December 2, 2012

Kennedy Centre Honors

date: 
December 2, 2012
description: 
Kennedy Centre Honors

Led Zeppelin receive a prestigious award from President Barack Obama for their significant contribution to American culture and the arts.

Robert Plant, John Paul Jones and Jimmy Page were among a group of artists who received Kennedy Centre Honors at a dinner event at the White House.

Plant said he was flattered and overwhelmed by the award, adding that he was glad to see Jones and Page using "good table manners".

In his tribute to the band, Mr Obama said: "When Jimmy Page, Robert Plant, John Paul Jones and John Bonham burst onto the musical scene in the late 1960s, the world never saw it coming.

"There was this singer with a mane like a lion and a voice like a banshee, a guitar prodigy who left people’s jaws on the floor, a versatile bassist who was equally at home on the keyboards, a drummer who played like his life depended on it.

"And when the Brits initially kept their distance, Led Zeppelin grabbed America from the opening chord.  We were ready for what Jimmy called songs with "a lot of light and shade".

"It’s been said that a generation of young people survived teenage angst with a pair of headphones and a Zeppelin album ... but even now, 32 years after John Bonham’s passing - and we all I think appreciate the fact - the Zeppelin legacy lives on."

The president drew laughter from guests when he thanked the former band members for behaving themselves at the White House given their history of "hotel rooms being trashed and mayhem all around".

He ended his speech saying: "We honour Led Zeppelin for making us all feel young, and for showing us that some guys who are not completely youthful can still rock!"

Led Zeppelin, whose songs include Stairway To Heaven, Rock And Roll and Whole Lotta Love, broke up in 1980 following Bonham's death.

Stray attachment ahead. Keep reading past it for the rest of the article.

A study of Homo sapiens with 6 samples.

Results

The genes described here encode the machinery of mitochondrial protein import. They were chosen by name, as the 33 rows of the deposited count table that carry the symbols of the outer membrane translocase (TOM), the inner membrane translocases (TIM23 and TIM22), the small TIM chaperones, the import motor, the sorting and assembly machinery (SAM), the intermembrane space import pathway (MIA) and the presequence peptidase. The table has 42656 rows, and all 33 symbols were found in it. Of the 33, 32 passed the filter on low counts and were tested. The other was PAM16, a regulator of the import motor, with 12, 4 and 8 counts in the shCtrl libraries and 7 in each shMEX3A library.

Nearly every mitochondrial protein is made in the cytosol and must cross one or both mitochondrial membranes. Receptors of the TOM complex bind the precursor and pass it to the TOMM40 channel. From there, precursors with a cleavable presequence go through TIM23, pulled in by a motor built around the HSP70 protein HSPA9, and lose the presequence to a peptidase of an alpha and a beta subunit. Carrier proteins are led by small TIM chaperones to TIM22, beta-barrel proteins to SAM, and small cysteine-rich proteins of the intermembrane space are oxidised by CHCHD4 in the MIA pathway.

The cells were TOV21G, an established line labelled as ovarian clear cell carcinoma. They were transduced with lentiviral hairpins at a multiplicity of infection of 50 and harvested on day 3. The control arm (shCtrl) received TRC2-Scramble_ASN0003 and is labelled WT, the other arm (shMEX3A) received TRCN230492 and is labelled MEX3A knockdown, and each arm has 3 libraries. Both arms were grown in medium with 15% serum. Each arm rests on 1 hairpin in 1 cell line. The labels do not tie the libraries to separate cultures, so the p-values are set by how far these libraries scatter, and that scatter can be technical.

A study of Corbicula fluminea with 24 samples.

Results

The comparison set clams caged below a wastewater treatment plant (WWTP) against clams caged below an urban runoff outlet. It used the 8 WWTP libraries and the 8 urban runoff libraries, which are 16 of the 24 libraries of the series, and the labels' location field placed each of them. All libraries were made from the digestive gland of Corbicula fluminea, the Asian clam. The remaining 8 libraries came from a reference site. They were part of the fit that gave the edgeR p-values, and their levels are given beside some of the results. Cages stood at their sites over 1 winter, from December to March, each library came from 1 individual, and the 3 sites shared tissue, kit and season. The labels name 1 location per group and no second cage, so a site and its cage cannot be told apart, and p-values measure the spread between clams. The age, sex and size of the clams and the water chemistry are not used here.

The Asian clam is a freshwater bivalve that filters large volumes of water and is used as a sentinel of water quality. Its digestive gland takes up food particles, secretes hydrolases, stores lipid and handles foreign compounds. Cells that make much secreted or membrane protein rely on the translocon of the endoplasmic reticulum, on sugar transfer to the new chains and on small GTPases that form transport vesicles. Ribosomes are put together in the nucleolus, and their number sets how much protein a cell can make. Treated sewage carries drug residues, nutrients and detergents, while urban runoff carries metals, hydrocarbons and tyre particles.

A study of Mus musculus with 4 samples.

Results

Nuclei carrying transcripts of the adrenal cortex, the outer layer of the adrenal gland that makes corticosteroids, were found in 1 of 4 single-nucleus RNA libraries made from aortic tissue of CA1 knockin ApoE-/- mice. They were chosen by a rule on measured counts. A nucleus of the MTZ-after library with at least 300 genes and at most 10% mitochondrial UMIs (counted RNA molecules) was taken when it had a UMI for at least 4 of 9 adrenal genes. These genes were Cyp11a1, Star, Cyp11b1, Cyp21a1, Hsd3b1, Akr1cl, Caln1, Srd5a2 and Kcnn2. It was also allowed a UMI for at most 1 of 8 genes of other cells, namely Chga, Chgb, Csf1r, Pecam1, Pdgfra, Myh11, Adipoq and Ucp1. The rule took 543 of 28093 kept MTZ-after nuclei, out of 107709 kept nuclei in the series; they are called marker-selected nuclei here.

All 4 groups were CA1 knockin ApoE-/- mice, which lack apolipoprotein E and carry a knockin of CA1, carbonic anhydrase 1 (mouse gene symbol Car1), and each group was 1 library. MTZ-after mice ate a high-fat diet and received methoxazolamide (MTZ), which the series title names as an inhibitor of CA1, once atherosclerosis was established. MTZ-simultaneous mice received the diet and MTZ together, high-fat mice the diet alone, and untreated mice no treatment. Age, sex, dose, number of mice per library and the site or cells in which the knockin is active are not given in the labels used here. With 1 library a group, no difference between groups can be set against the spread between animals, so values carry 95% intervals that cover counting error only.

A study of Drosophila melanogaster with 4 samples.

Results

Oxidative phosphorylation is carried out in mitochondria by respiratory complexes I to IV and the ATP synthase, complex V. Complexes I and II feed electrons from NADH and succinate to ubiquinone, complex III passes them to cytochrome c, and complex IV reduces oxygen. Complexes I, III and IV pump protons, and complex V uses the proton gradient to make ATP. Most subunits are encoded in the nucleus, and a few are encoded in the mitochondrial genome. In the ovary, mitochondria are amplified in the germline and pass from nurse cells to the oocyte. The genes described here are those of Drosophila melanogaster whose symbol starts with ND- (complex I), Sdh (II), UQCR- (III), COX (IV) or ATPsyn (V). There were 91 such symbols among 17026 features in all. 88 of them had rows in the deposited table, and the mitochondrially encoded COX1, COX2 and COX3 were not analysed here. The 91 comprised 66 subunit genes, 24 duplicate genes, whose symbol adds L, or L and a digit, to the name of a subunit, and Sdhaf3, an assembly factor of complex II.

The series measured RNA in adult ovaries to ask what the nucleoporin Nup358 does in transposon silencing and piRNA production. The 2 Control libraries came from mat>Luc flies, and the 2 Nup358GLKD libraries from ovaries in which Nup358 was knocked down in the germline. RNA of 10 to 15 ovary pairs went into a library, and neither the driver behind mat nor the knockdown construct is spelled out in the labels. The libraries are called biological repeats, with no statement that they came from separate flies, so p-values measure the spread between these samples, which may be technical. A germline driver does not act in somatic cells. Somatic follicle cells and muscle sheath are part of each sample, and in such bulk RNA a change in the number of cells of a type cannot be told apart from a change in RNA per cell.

Oscar-winning actor Dustin Hoffman, chat show host David Letterman, blues star Buddy Guy and ballerina Natalia Makarova also received Kennedy Centre Honours at the event.


Then came Foo Fighters, with usual frontman Dave Grohl banging away on drums (connection: He teamed with Zep bassist John Paul Jones in the supergroup Them Crooked Vultures); they thrashed admirably through “Black Dog” and “Rock ‘n’ Roll.”

Kid Rock (Kid Rock?) was surprisingly credible on a medley of “Babe, I’m Gonna Leave You” and “Ramble On.” And Lenny Kravitz gave a reading of “Whole Lotta Love” that was worthy of Plant himself.

Producers George and Michael Stevens set the musicians in front of an enormous backdrop of a gloomy and decrepit gothic church. There were seizure-inducing strobes, bottom-rumbling bass lines and smoke effects, which may be why a small group of older folks tiptoed out. The whole thing suggested both a Zeppelin arena concert in the ’70s and a bit of the Stonehenge set in “Spinal Tap.” When it was over, no one held up a lighter.

And then, inevitably, for the big windup: “Stairway to Heaven,” sung by Heart’s Ann Wilson backed by Nancy Wilson on guitar and a giant choir wearing bowler hats. On drums was Jason Bonham (son of, and sometime stand-in for, the late John Bonham, he of the bowler hat and Led Zeppelin’s fourth member).